BAGHDAD — Defense Secretary Jim Mattis made his first trip to Iraq as Pentagon chief on Monday to determine what is needed to accelerate the campaign against the Islamic State, hours after rejecting a suggestion by President Trump that the United States might take Iraq’s oil.
“I think all of us here in this room — all of us in America — have generally paid for our gas and oil all along, and I am sure we will continue to do so in the future,” Mattis said during a meeting with reporters Sunday night. “We’re not in Iraq to seize anybody’s oil.”
Mattis’s rejection of the idea came after repeated claims by Trump that the United States should have taken Iraq’s oil during the Iraq War. Trump suggested last month that “maybe we’ll get another chance” to do so during a visit to the Central Intelligence Agency, generating new concerns about his position.
The defense secretary’s comments are one of several ways in which he has tried to sound a reassuring tone for allies since leaving Washington last week. In both Brussels and Munich, he promised audiences that the Trump administration will maintain its obligation to the North Atlantic Treaty Organization, which calls for all members to help if one is attacked, but warned that America might “moderate” its support in other ways to nations who do not meet defense spending guidelines set by NATO.
In Iraq, Mattis anticipates getting a better sense for the political situation, the enemy and the coalition’s Iraqi partners, he said. This visit comes with less than two weeks before Mattis, a retired Marine general and Iraq War veteran, is expected to deliver to the White House a set of recommendations that could include ordering more troops into Iraq or Syria or delegating more powers to battlefield commanders to streamline decision-making.
“We’re going to make sure we’re certain we’ve got good, shared situation awareness of what we face as we work together and fight alongside each other to destroy ISIS,” Mattis said.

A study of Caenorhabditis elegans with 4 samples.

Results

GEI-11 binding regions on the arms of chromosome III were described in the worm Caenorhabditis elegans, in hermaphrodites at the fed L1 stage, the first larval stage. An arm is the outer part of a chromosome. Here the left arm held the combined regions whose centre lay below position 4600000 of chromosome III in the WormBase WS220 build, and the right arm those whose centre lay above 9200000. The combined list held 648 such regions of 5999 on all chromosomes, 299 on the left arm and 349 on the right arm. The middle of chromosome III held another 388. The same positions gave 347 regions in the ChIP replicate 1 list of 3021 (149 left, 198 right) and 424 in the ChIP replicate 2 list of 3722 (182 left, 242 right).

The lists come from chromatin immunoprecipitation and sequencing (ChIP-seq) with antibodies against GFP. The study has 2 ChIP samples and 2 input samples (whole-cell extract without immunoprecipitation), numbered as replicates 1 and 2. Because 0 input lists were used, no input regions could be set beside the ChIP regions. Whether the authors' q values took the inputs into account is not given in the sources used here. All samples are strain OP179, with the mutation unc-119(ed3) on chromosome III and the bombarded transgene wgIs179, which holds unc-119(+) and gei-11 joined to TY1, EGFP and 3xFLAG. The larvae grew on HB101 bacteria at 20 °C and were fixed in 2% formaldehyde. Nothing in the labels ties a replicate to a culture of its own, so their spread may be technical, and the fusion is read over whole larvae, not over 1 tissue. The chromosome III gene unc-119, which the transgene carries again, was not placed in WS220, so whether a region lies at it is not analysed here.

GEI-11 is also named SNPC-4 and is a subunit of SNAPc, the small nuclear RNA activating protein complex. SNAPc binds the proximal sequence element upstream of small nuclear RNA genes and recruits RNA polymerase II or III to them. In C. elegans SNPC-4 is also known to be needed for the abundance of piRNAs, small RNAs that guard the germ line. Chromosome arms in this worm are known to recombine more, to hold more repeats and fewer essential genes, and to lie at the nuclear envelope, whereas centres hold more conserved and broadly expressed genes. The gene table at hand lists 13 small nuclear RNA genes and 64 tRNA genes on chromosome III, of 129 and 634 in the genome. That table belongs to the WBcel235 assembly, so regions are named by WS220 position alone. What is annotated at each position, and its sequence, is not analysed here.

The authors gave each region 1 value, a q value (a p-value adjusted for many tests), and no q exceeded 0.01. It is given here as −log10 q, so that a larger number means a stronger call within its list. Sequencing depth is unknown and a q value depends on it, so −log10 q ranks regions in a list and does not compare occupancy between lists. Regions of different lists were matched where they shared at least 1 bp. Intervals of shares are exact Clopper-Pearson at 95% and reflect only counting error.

One day before Mattis’s trip to Iraq, local forces there launched an offensive to take back the western side of Mosul, the country’s second-largest city. Militants seized it in June 2014 as they swept across the western and northern parts of the country and the Iraqi military crumbled. The government has since taken back several key cities, including Fallujah and Ramadi, and last month liberated the eastern half of Mosul.
Mattis said U.S. military advisers will have “the same role” that they did during the liberation of eastern Mosul on the western half of the city, an indication they will be near the front lines when Iraqi troops attack, but not directly involved in fighting unless something unexpected happens. Combat is expected to be fierce, with block-by-block engagements against fighters in thickly settled neighborhoods.
“The coalition forces are in support of this operation, and we will continue … with the accelerated effort to destroy ISIS,” Mattis said.
Mattis may also be asked by senior Iraqi officials to address the Trump administration’s plan to issue a new executive order that could restrict travel from some Middle Eastern and African countries. The first one, issued Jan. 27, caused a backlash as scores of people were detained at U.S. airports. It was suspended earlier this month in federal court, and a new “streamlined” version could be introduced within a week.
Mattis, who was surprised to find that the original version did not include any special considerations for Iraqi interpreters who served the U.S. military in combat, said Sunday that he has not seen a draft of Trump’s forthcoming executive order, but was given assurances that “we will take steps to allow those who have fought alongside us, for example,” to enter the country.
“They will have been vetted, obviously, by their performance on the battlefield as well as by the normal procedures, and I’m sure we’ll work through this quickly,” Mattis said.
The countries affected by the original ban were Iraq, Syria, Iran, Libya, Somalia, Sudan and Yemen.